A couple of interesting points on some Ethanol
Oh, yes. Ethanol can't travel in pipelines along with gasoline, because it picks up excess water and impurities. As a result, ethanol needs to be transported by trucks, trains, or barges, which is more expensive and complicated than sending it down a pipeline. As refiners switched to ethanol this spring, the change in transport needs has likely contributed to the rise in gas prices. Some experts argue that the U. S. doesn't have adequate infrastructure for wide ethanol use.
Also, ethanol contains less energy than gas. That means drivers have to make more frequent trips to the pump.
Doesn't producing ethanol on a large scale use a great deal of energy?
Yes. Some ethanol skeptics have even argued that the process involved in growing grain and then transforming it into ethanol requires more energy from fossil fuels than ethanol generates. In other words, they say the whole movement is a farce.
There's no absolute consensus in the scientific community, but that argument is losing strength. Michael Wang, a scientist at the Energy Dept.-funded Argonne National Laboratory for Transportation Research, says "The energy used for each unit of ethanol produced has been reduced by about half [since 1980]." Now, Wang says, the delivery of 1 million British thermal units (BTUs) of ethanol uses 0.74 million BTUs of fossil fuels. (That does not include the solar energy -- the sun shining -- used in growing corn.) By contrast, he finds that the delivery of 1 million BTUs of gasoline requires 1.23 million BTU of fossil fuels.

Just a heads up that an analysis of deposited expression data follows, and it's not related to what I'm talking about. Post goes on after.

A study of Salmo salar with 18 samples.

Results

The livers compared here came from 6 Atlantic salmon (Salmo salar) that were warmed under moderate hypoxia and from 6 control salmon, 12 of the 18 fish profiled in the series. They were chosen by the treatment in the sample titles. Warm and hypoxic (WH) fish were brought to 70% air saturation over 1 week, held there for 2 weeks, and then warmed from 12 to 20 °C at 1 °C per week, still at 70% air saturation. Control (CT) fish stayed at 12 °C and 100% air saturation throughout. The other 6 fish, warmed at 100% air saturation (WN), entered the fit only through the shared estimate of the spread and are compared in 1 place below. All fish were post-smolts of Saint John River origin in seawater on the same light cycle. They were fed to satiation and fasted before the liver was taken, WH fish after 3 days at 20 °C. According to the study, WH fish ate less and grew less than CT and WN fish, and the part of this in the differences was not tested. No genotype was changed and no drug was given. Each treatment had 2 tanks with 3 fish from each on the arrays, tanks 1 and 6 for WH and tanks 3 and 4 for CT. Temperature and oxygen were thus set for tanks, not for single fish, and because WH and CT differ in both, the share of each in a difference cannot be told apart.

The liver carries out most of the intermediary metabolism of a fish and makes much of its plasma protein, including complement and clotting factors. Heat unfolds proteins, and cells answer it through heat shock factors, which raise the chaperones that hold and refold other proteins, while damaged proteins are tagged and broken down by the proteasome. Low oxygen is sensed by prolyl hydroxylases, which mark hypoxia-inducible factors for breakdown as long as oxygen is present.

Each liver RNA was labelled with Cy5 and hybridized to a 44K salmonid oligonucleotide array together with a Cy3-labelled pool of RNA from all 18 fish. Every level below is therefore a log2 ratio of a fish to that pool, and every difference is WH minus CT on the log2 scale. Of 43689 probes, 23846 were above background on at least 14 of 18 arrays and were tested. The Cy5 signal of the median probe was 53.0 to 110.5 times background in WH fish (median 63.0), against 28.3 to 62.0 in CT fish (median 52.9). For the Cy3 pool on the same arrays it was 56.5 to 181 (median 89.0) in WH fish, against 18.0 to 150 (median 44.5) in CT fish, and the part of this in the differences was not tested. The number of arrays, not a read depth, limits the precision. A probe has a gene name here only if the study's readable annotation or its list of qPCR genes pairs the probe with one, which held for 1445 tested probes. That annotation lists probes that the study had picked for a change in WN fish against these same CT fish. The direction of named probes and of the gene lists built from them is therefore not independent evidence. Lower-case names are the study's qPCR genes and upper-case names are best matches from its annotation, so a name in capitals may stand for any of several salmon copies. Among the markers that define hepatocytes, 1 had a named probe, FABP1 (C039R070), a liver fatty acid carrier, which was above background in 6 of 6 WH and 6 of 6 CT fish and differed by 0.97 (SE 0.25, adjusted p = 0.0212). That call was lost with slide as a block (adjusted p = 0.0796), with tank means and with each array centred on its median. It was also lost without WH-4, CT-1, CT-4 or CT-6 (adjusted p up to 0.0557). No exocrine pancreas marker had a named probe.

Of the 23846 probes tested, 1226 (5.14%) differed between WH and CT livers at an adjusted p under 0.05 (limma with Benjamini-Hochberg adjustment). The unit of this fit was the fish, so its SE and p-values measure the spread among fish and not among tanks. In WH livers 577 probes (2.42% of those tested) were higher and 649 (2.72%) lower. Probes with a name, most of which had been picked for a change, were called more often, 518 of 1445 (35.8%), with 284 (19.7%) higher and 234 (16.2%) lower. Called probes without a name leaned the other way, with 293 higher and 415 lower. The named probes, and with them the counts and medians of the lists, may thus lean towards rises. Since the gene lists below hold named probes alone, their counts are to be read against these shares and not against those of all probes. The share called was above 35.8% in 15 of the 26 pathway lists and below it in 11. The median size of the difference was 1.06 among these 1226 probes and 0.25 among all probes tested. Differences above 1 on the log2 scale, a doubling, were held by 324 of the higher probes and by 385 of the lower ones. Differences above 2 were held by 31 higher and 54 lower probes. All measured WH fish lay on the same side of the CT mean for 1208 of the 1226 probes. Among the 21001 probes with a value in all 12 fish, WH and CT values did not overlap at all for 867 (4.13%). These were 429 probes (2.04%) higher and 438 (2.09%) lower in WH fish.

Producing ethanol could get more efficient soon as new technologies help farmers get more corn per acre of land and allow ethanol producers to get more of the fuel from the same amount of corn. The companies developing new corn technologies include chemical giant Dupont (DD ) and Monsanto (MON ), which sells genetically modified seeds as well as chemicals for protecting crops. . . .
Is ethanol cheaper than gas?
Surprise, surprise, it isn't. The move this spring by more regions to use ethanol means that demand has spiked, driving up prices. On Monday, the New York harbor price was around $3 per gallon compared with about $2.28 for gasoline (before being mixed with ethanol). In other words, for now ethanol is helping to increase prices at the pump, not to push them down.
This piece has its problems, but it still raises a couple of useful points.